French scientists are warning that men's sperm counts are plummeting at record rates.

A study of nearly 27,000 French men found the average sperm concentration fell more than 32 percent over the 17-year study period between 1989 and 2005. That's almost 2 percent each year.

While the study only looked at French men, the research supports other studies that showed sperm counts were falling worldwide, potentially raising risk for fertility problems in couples.

"To our knowledge, it is the first study concluding a severe and general decrease in sperm concentration and morphology at the scale of a whole country over a substantial period," wrote the researchers, led by Dr Joëlle Le Moal, an environmental health epidemiologist at the Institut de Veille Sanitaire in Saint Maurice, France. "This constitutes a serious public health warning. The link with the environment particularly needs to be determined."

The study was published Dec. 4 in Human Reproduction.

The researchers examined sperm concentration and quality in sperm samples that were given by men who were the partners of women undergoing fertility treatments for Fallopian tube problems. The men had no known problems with their sperm.

The researchers found for men who were an average age of 35, semen concentrations declined from an average of 73.6 million per milliliter in 1989 to 49.9 million per milliliter in 2005. Concentration is a measure of sperm per millimeter, while total "sperm count" refers to the actual amount of sperm in ejaculate.

"The 2005 values are lower than the 55 million per millimeter threshold (from the World Health Organization), below which sperm concentration is expected to influence the time it takes to conceive," Le Moal said in a statement.

The researchers also looked at sperm quality and found a 33 percent decrease in the percentage of normally-formed sperm over the same period. However the study also found the proportion of sperm that moves -- called motility -- increased slightly between 1989 to 2005.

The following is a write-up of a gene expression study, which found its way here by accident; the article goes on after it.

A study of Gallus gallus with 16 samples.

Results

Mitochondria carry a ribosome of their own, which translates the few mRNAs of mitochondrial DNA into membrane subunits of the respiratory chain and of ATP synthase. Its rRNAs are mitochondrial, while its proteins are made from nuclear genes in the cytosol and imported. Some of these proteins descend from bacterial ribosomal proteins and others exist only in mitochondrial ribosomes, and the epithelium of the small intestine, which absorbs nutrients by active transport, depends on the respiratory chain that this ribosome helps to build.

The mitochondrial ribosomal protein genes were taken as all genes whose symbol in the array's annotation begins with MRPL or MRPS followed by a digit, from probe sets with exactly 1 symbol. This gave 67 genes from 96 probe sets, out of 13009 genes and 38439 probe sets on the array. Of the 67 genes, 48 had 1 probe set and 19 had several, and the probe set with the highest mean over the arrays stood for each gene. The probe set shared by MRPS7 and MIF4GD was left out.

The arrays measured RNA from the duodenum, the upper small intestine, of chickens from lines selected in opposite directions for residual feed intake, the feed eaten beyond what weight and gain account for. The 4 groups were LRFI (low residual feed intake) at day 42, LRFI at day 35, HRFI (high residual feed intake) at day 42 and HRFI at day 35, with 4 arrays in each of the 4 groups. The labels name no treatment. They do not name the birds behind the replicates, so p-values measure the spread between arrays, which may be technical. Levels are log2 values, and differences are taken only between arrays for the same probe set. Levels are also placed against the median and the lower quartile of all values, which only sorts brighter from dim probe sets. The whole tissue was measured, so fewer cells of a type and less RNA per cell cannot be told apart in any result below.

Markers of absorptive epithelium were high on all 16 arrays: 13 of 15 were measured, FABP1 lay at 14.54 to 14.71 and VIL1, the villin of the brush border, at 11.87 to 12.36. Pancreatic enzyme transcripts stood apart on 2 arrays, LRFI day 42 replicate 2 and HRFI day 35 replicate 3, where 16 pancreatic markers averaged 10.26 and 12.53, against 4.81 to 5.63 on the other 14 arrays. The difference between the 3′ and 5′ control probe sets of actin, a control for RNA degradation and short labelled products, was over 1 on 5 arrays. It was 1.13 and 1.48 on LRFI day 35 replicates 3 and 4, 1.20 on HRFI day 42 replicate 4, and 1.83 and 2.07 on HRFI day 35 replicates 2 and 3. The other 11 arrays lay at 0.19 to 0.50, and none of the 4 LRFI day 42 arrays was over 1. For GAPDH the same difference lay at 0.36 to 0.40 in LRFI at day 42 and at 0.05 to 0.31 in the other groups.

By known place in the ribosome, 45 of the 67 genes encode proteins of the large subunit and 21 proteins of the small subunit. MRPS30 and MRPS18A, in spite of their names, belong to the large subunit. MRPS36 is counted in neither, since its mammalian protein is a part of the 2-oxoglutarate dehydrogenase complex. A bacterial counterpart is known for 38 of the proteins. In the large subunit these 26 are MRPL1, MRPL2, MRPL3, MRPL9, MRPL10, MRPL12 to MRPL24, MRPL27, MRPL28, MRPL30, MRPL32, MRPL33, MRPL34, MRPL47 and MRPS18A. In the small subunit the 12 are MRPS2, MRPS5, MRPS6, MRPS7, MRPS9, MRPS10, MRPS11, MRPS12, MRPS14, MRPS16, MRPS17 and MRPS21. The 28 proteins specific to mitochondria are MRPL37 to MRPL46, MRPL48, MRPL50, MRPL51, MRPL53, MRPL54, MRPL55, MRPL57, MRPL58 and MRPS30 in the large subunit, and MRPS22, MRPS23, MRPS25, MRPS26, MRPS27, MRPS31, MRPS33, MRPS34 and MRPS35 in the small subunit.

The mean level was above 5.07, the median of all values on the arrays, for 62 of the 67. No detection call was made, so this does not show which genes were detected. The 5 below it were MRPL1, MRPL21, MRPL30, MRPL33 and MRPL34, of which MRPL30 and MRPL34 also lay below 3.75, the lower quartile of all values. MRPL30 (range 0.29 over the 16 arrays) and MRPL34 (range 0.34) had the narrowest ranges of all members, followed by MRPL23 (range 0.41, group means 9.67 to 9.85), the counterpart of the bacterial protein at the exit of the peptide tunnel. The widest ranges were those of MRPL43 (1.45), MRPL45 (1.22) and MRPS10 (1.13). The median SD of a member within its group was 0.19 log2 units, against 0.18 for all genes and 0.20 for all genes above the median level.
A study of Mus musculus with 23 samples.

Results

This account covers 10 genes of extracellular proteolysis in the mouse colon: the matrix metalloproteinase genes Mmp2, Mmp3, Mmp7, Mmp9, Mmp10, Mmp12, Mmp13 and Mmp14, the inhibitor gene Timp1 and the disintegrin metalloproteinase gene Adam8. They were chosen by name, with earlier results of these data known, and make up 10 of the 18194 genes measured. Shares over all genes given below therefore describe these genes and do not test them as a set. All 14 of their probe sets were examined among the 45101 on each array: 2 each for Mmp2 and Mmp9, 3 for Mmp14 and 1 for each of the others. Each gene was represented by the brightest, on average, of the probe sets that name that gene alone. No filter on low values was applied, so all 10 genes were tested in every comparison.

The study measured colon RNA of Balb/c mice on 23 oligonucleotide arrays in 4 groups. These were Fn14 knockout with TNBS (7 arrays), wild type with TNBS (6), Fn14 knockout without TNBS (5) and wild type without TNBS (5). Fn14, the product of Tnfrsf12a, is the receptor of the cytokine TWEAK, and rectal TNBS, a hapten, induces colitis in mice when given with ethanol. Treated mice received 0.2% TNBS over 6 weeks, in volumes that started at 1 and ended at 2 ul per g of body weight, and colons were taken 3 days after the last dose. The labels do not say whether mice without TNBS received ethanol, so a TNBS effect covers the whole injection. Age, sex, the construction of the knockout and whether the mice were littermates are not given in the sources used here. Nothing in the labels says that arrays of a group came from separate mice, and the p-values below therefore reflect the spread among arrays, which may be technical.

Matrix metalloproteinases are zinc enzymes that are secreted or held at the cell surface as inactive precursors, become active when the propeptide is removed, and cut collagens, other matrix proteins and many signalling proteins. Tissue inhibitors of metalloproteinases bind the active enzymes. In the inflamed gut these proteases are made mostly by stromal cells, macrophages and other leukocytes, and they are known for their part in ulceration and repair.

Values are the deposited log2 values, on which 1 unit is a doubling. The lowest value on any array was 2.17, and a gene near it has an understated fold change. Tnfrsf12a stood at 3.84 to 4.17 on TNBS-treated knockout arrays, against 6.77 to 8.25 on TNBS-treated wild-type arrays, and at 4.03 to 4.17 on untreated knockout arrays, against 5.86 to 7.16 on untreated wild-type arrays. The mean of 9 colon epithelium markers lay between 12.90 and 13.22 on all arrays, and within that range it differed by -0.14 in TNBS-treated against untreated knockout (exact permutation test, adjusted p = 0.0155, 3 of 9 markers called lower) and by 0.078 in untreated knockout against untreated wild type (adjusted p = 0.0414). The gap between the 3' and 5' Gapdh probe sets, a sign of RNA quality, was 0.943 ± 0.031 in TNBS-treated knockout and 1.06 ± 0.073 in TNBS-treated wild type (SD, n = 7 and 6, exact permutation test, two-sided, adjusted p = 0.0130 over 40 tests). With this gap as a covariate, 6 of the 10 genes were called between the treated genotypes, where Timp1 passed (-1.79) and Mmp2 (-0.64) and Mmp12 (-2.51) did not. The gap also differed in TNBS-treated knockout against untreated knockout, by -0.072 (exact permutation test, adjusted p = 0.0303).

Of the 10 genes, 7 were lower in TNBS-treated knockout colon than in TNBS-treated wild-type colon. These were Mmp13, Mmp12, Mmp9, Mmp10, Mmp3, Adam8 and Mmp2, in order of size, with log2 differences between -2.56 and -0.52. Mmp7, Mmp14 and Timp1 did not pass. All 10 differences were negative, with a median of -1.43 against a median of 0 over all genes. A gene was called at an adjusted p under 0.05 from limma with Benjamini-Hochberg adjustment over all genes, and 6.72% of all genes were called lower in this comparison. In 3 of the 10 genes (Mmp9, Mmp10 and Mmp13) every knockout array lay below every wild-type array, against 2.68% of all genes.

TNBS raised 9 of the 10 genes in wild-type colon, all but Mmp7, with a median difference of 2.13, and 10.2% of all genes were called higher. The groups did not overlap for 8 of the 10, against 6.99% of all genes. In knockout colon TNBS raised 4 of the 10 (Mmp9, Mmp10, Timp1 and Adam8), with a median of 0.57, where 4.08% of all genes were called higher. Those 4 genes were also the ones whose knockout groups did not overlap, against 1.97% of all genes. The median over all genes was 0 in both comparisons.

Could chemicals in the environment be to blame for drops in sperm concentration and normal sperm?

The researchers say other studies have pointed to the role so-called endocrine disrupters, which are chemicals that disrupt the body's natural hormone balance, play in affecting sperm. Problems with male sperm or female eggs tend to suggest environmental stresses, according to Le Moal, because these are the first cells from which human beings are built. Early exposures may impact adult health.

He also said the effect could be cumulative, so "the observed trends could be the result of several generations' changes."

"Clearly if this type of decrease continues, we're going to find that we're going to have young men that have low sperm counts," Grace Centola, president of the Society for Male Reproduction and Urology in Birmingham, Alabama, told Reuters. She was not involved in the study.

The study was unable to control for other factors that may have influenced sperm concentration and quality, such as whether men were smokers or obese.

One expert questioned the study's methodology in comparing sperm concentrations across a period of time when collection methods have changed over the years.

"In the paper, the authors claim that the methods for measurement of sperm concentration and motility 'have not changed noticeably during the study period', yet to me this is an odd thing to say as in my experience they have changed remarkably everywhere else in the world," Dr Allan Pacey, senior lecturer in andrology at the University of Sheffield in the U.K., told the BBC. "I would argue that the 'jury is still out' on this issue."